Defensive stats are now on the cutting edge. I particpated in a public AOL online discussion with baseball historian and statistical guru Bill James over 15 years ago about a new defensive metric he was proposing. Apparently that system didn’t work, for I didn’t see it ever published. Mr. James didn’t really appreciate my question…I just may not have asked the right way or maybe I just missed the point. 😳
Anyway, I’ve read more and more about how the Red Sox are abandoning power for defense, which, frankly, is almost hard to believe considering the Red Sox long history of sluggers.
So, why would the Red Sox, and possibly all of baseball, be choosing defense over power?
1) Steroids power backlash
2) Speed and athleticism making a comeback (see #1)
3) There are now some real defensive stats that baseball management is comfortable with.
Keep in mind that Bill James is now employed by the Red Sox. The Red Sox owner, John Henry, is a huge fan of sabemetric baseball study. GM Theo Epstein subscribes to the theory. For these reasons alone, I was surprised that the Red Sox traded for Alex Gonzalez last year. AGon was having a miserable season, but may be the Red Sox hoped that a return to Fenway scenery would rejuvenate him and bring back his very good 2006 season.
My feeling is that teams returning to defense will be the trend to watch. First, on-base percentage took off with the Moneyball crowd. OBP won’t go away, but now the sabermetric attention is on improving defensive metrics. OBP will still matter, only now the focus will be on prevention; that is preventing the opposition from getting on base.
Batting Average on Balls in Play (BABIP) has become a popular metric, too. That is, the pitcher really only has control over the walks and home runs allowed, and how many hitters he strikes out. So, BABIP measures the percentage of struck balls that fall for hits within the playing confines of the ballfield, and that defense (or luck) has a lot to do with that percentage.
I believe the game of baseball will move back toward defense and speed at this time in history. Baseball has changed many times since its major league inception. What seems like a simple game that doesn’t change much, has, in fact, changed many times. In the early days, batters could call for their pitches and at other times, batters used wide bats to help them bat the ball in whatever direction they wanted. At other times, the speed game ruled, especially when defense was poor in the early 1900’s. Then Babe Ruth introduced power into the game and power ruled. The 1930’s had offense that equaled the offensive output of the 1990’s. When the 1960’s came around, baseball had reverted to an odd mix of speed and power while pitching dominated the game. Then power erupted, speed disappeared, and now we have a steroids scandal. Speed is returning to the game, and it will start with defense and keeping the other team’s hitters off the basepaths.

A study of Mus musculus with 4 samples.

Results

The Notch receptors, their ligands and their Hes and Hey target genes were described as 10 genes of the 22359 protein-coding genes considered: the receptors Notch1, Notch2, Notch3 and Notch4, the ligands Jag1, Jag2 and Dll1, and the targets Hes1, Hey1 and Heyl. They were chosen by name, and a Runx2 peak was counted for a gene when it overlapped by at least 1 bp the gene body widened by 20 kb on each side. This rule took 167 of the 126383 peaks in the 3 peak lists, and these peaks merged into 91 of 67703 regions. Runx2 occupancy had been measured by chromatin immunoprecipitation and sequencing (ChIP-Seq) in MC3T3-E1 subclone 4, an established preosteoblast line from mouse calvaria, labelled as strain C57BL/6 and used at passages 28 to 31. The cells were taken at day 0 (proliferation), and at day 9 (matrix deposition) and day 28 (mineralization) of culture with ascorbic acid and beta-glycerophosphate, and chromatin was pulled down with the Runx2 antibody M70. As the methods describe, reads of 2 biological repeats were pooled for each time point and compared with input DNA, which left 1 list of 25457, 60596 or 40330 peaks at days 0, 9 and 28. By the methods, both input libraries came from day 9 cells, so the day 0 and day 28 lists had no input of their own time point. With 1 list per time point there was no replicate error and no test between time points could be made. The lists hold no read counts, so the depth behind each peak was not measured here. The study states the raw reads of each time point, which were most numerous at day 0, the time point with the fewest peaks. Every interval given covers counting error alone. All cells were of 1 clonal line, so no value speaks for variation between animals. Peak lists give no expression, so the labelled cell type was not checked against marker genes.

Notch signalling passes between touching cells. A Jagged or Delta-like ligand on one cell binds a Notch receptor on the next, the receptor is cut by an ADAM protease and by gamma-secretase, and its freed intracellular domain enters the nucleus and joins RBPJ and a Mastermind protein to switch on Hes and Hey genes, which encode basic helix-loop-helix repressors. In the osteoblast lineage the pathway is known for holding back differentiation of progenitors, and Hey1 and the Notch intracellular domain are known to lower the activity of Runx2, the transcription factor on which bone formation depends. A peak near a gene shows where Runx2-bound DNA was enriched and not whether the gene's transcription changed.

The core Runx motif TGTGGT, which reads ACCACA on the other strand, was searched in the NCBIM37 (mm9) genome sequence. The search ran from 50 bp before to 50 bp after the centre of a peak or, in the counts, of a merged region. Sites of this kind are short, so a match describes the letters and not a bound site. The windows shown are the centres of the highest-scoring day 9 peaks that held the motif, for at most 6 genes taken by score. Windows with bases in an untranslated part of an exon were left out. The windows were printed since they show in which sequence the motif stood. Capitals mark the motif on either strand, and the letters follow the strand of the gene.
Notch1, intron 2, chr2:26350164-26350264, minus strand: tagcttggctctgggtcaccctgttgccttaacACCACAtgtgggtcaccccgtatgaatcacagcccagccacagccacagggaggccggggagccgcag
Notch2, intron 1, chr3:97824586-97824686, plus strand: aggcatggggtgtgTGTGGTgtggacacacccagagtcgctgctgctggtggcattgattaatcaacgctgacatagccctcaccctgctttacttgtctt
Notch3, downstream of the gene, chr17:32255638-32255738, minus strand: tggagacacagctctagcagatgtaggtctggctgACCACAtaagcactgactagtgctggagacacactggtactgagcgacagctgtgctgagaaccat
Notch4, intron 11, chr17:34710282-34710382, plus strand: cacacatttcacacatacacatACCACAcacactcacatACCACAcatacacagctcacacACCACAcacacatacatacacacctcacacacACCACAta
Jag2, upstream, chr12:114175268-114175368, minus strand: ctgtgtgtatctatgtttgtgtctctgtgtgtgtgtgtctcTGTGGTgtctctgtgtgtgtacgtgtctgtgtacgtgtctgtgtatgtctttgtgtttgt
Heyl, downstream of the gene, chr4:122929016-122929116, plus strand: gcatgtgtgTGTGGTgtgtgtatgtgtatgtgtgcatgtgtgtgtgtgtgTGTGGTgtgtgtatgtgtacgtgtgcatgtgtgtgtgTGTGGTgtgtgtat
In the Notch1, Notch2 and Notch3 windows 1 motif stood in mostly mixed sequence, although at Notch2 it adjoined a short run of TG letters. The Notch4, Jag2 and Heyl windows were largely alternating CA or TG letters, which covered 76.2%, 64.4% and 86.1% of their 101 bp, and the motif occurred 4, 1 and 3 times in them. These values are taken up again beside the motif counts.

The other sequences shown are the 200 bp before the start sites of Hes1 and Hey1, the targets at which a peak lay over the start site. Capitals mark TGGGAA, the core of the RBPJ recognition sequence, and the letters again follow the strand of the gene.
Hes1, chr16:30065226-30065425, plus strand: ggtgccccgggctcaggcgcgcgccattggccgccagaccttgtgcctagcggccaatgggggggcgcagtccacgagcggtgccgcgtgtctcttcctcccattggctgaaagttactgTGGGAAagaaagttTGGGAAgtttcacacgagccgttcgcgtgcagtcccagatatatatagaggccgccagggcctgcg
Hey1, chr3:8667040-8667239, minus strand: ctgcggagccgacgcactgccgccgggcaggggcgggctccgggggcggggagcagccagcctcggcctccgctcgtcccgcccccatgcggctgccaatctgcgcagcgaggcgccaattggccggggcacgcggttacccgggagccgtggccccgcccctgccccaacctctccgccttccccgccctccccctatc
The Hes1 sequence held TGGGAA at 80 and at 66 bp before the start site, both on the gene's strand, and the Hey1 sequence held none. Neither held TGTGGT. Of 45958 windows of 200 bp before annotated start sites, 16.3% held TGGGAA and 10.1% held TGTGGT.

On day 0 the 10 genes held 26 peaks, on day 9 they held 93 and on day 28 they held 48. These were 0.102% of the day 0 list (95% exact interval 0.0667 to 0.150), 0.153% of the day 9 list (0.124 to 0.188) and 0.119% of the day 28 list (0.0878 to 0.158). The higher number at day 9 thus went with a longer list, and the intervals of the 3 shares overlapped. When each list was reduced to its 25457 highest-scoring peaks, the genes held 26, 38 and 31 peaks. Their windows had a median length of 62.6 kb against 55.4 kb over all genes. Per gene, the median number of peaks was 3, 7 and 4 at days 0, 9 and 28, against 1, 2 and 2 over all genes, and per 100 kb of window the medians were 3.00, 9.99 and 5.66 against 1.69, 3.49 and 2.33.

Reds’ GM Walt Jocketty has recognized this trend with the Reds. Jocketty wasn’t known to have embraced sabermetrics while serving as GM for the Cardinals, and I can’t say he’s embraced this sports science while with the Reds either, but his trades and deals since joining the Reds have been predicated on improving the Reds’ defense.
While Willy Taveras did not pan out for the Reds, his reputation was that of a speedy, quality defensive centerfielder (you decide if he was that good last year). Paul Janish and Chris Dickerson were both promoted and known to have good gloves, as was Drew Stubbs. Scott Rolen and Orlando Cabrera have both been acquired and both are known to have provided Gold Glove defense in the past (you decide if they’re too old…). Adam Dunn, Edwin Encarnacion, and Jeff Keppinger were all known as offense-first players. They were dealt in an effort to improve overall team defense.
So, the trend has begun. The ticket-buying public is going to be skeptical of players who develop surprising power. Those who remember the Big Red Machine think about “small ball” and lots of steals and action, but most forgot that those Reds teams won because they had high on base percentages and slugging percentages to go along with their outstanding defense, especially up the middle of the field. For our 2010 Reds, we will have a 34-year-old catcher in Ramon Hernandez, and two thirty-five year olds on the left side of the infield in Scott Rolen and Orlando Cabrera.
While Jocketty may have identified defense as being the new trend, it remains to be seen if our senior players, the ones who provide “veteran leadership,” will be able to maintain their defensive wizardry. Defense is usually the first skill to decline as players age, and few teams win with older shortstops (older than 30) unless that shortstop is of Hall of Fame quality. We’ll have to see how far the Reds’ defensive plan (and players) can carry us.